While growing up, Sharon Sudduth never knew what she wanted to be.
Sudduth, a featured artist at the OSU Art Festival during the past weekend, found herself filling many different roles: a journalist for a year, an interior designer for a few more years and then a leader in the Kansas Chamber of Commerce until 2012. By then, Sudduth was out of her 30s and still hadn't become who she wanted to be when she grew up, but her dream was to become an artist.
Her journey as an artist started when she was young.
"I've always been artistic," Sudduth said. "I took all the classes I could take in high school. I went to college on a scholarship for one year in art. And then I switched my major because I went to a college that didn't have a good art program. Plus, people said to me, 'You can't make a living with your art.' So, I believed them. Unfortunately."
In 2012, Sudduth's husband's job required them to move to Oklahoma, and she seized this opportunity for a fresh start and started painting. It was her determination that brought her to where she is today.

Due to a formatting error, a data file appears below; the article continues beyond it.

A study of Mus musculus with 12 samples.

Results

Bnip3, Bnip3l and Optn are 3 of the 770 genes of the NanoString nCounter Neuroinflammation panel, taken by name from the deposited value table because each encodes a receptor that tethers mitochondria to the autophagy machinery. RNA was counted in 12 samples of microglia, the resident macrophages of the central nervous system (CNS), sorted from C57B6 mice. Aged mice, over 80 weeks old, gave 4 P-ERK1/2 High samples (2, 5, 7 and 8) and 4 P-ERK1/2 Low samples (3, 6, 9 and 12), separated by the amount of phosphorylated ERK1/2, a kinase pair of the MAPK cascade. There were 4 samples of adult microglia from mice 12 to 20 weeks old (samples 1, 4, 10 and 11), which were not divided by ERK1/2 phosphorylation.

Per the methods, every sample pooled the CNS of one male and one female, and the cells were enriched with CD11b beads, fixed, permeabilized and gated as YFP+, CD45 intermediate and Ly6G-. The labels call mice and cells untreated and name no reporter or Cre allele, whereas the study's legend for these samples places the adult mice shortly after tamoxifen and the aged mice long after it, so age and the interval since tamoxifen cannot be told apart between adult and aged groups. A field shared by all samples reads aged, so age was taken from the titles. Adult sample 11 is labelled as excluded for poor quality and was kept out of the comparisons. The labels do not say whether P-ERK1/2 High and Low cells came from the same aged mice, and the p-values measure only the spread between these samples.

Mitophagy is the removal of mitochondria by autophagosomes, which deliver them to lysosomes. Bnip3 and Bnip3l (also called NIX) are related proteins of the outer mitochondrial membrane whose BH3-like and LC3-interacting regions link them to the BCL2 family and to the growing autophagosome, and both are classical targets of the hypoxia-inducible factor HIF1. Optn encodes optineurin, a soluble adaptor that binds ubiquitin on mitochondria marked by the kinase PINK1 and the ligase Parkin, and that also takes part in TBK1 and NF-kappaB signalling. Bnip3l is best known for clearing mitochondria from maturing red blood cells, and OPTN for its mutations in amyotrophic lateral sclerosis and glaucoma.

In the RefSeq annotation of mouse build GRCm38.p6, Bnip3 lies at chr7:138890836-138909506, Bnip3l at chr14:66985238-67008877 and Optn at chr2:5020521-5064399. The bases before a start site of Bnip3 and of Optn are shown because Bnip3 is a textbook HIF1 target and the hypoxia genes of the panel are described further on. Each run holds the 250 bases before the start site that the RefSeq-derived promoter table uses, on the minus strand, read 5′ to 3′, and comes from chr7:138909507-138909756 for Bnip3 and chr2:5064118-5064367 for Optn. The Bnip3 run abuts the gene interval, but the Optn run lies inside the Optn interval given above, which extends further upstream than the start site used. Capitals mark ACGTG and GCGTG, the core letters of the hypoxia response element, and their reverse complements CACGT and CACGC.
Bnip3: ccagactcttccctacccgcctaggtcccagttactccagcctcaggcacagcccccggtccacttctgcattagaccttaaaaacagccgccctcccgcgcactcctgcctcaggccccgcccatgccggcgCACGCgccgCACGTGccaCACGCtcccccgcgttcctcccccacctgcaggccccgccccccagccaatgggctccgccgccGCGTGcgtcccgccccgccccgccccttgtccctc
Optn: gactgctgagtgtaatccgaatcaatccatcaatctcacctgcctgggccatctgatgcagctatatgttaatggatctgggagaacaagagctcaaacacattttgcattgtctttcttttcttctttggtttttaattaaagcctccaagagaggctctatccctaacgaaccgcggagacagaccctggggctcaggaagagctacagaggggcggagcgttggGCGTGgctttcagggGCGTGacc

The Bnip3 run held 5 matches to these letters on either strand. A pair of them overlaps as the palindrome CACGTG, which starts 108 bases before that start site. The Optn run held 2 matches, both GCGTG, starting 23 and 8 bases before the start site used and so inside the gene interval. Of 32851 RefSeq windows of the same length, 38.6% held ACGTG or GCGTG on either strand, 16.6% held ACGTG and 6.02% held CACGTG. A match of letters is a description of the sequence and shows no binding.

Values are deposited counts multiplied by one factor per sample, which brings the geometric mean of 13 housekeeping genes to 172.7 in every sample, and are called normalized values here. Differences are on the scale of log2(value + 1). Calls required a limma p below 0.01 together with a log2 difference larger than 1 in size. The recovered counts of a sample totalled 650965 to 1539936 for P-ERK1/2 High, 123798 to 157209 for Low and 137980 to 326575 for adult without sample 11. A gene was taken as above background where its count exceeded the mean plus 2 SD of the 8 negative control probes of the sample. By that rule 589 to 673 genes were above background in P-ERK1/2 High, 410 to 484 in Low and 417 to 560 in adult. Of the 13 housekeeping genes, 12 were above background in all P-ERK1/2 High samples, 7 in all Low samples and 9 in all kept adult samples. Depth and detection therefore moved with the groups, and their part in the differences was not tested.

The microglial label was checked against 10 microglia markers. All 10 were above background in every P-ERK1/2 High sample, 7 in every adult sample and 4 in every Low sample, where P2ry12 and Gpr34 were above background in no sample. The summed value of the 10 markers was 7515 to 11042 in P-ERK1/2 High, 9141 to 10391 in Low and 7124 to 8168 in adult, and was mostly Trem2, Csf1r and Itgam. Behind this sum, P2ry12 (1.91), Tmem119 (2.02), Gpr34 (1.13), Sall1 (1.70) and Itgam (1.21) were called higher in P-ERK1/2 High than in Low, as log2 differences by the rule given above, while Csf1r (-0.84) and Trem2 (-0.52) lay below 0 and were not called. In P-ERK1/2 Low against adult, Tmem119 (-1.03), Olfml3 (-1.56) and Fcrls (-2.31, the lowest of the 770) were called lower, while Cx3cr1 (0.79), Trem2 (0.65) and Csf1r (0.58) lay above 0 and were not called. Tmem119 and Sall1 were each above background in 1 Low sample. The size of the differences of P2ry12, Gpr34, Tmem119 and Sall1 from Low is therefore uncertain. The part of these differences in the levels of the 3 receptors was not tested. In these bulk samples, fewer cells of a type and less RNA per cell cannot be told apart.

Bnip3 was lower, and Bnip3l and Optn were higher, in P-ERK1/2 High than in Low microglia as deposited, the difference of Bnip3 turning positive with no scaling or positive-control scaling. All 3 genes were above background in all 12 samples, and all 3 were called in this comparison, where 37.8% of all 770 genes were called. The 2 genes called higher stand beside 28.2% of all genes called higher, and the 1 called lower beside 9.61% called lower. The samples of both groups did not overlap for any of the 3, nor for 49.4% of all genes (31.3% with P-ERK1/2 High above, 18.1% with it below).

"I got up every day to paint," Sudduth said. "And taught myself how to paint. I had never painted up until that point."
She started with working to broaden her horizons as an artist. Before then, Sudduth had only painted nature, so she decided to push herself to paint human faces. She set a goal to paint 100 portraits. Her theory was if you do something 100 times, you will get good at it.
This challenge revealed Sudduth's preserving attitude. She thrives on challenging herself, and it’s how she has become successful.
"With each canvas, I wanted to push myself to paint something that was uncomfortable," Sudduth said.
Sudduth had another goal tied to the number 100.
After reading a post from a blogger, she has been determined to receive 100 rejections this year, either from art festivals or from other shows.
"The thing about getting 100 rejections," Sudduth said, "(is) one of your offers is bound to be accepted. You have to keep putting yourself out there."
Sudduth is living her dream, but her journey to do so did not happen overnight. Sudduth’s determination and dedication to her passions led her to her career.
Her lessons? Challenge oneself. Fail often. Never stop trying and pushing through. And above all, remember this life is a journey. We might never know what we want to be when we grow up, and that is OK.
"We all just have to keep in mind," Sudduth said. "With confidence and perseverance, the only way to go is up."